Essays tout advances in pediatric medicine
From increased childhood immunizations to better healthcare technology, winners of Harriet Lane Essay Contest highlight how far pediatric medicine has come since 1953
By Christopher Capot Posted on 24 October 2015
A medical student in Brooklyn, a medical resident in Ohio and two physicians, one on the West Coast and one on the East Coast, are the winners of the first-ever Harriet Lane Essay Contest, Elsevier announced today.
The essay competition was based on 500-word essay submissions that sought to explain advancements in pediatric care have taken place since The Harriet Lane Handbook was first published in 1953.
The Harriet Lane Handbook is unique among medical books. It’s the first medical reference book written “by residents, for residents” and reviewed by expert faculty at The Johns Hopkins Hospital. The winners were just announced at the American Academy of Pediatrics (AAP) Conference & Exhibition in Washington, DC. The AAP conference starts today (Saturday, Oct. 24) and runs through Tuesday, Oct. 27.
Contest winners were selected in three categories: Medical Student, Resident, and Fellows. Each will each receive a $1,000 grand prize.
The winners, by category, include:
- Medical Student – Amy Huang, Brooklyn, NY
- Resident – Anand Sandesara, MD, Shaker Heights, Ohio
- Fellows (a two-person tie) – Michael Cabana, MD, San Francisco, CA; and Colin Phoon, MD, New York, NY. Drs. Cabana and Phoon are former Harriet Lane Handbook residents.
Huang cites the development and increased administration of childhood immunizations as a major advancement in pediatric care. She also credits health information technology, which has made it easier for pediatricians to keep track of and share information such as immunizations, special visit notes and medications, with patients.
In her essay, she writes:
Health information technology has made it easier for pediatricians to keep track of immunizations, specialist visit notes, and medications, and to share that information with the patient through the internet. From the patient’s perspective, technology enables one to take control of his or her health. Parents, who previously looked to grandparents and relatives for advice on the care of their child, are increasingly obtaining health information online, in seconds.
Dr. Sandesara notes advances in the diagnosis and treatment of pediatric illnesses such as cystic fibrosis and states that “diagnoses which were death sentences are now managed well into adulthood.”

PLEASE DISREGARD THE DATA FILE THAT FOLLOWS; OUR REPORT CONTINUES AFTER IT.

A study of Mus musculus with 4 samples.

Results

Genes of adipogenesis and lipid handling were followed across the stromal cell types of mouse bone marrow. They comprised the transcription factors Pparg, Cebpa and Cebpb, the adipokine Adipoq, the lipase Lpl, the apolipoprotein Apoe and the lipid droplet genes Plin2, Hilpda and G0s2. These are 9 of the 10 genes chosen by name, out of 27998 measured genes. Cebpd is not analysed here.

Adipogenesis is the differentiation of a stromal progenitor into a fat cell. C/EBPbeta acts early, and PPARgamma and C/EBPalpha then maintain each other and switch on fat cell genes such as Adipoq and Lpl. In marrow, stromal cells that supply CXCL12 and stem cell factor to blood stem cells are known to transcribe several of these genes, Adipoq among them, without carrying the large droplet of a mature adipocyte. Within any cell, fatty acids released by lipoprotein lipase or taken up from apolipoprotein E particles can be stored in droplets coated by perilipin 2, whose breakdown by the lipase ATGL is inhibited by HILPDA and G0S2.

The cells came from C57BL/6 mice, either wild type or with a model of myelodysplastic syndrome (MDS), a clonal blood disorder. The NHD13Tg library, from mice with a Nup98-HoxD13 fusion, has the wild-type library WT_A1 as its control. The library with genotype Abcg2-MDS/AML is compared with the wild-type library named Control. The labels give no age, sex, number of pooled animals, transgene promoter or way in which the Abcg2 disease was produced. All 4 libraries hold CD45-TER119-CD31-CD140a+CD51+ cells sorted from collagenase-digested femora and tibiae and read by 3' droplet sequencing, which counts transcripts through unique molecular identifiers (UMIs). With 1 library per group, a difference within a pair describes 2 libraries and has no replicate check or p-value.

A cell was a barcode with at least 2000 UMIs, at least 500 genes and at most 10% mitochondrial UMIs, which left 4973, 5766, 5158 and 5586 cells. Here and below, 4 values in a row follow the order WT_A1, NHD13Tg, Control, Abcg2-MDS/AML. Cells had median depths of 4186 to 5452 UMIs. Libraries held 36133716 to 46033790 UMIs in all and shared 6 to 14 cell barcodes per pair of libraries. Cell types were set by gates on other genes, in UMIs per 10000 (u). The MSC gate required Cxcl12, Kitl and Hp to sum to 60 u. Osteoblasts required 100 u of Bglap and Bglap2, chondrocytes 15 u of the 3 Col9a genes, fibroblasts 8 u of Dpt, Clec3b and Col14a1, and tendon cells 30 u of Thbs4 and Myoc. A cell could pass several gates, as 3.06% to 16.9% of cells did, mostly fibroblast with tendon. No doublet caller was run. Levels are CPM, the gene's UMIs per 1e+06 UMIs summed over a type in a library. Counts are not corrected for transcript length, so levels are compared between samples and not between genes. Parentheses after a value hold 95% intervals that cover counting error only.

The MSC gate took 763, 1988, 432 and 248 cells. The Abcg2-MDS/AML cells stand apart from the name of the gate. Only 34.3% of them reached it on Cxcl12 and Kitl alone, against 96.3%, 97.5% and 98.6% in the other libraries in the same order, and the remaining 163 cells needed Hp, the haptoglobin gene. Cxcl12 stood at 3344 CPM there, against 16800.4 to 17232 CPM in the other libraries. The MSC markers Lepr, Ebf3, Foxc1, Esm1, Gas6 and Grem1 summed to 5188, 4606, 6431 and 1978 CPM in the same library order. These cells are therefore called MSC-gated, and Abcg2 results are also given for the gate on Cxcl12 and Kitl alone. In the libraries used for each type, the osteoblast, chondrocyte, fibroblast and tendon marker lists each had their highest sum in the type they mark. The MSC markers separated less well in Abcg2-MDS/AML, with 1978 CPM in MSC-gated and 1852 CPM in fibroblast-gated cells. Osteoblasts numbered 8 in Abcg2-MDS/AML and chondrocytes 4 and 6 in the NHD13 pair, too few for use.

Explaining that pediatricians are now treating new types of patients due to the success of therapies not present in 1950, Dr. Cabana points out that pediatric patients are surviving cancer diagnoses, and hospitals are caring for extremely premature infants. At the same time, he notes the “dearth of routinely successful management options for obese children” in recent editions of The Harriet Lane Handbook,” adding that “hopefully, future editions of the Lane will chronicle a greater array of effective, evidence-based methods to treat pediatric obesity.”
Dr. Phoon refers to The Harriet Lane Handbook as the first “point-of-care tool for the care of children.” In comparing the early editions to the most recent edition, he states that recent editions have reflected the growing complexity of pediatric care, and cites additions to the book that reflect this, such as: diagnostic and therapeutic algorithms; a nearly 400-page drug formulary that includes information such as routes of administration, dosing guidelines, metabolism and cautions on use and safety in pregnancy; and pediatric emergency medicine and critical care. He says the 20th edition includes chapters on biostatistics and evidence-based medicine, which “reflects their increasingly important roles in pediatric care,” while the Palliative Care chapter “augurs the work still ahead.”
Read the winning essays
To read the winning essays and other information on The Harriet Lane Essay Contest winners, visit the awards site.
The Harriet Lane Handbook
Since the first edition published in 1950, medical students, residents, physicians, nurses and other clinicians have relied on the Handbook for fast, accurate information on pediatric diagnosis and treatment. For more information about The Harriet Lane Handbook and its history, see this announcement of its 20th edition and this story in Johns Hopkins Magazine.
Elsevier Connect Contributor
As Director of Corporate Relations, Christopher Capot (@Chris_Capot) heads up public relations for Elsevier's Clinical Solutions and Education businesses. He has been a public relations and media relations professional at agencies and corporations for more than 15 years. Prior to that, he was an award-winning newspaper journalist, last working as a business reporter at the New Haven Register in Connecticut. He works in Elsevier's New York office.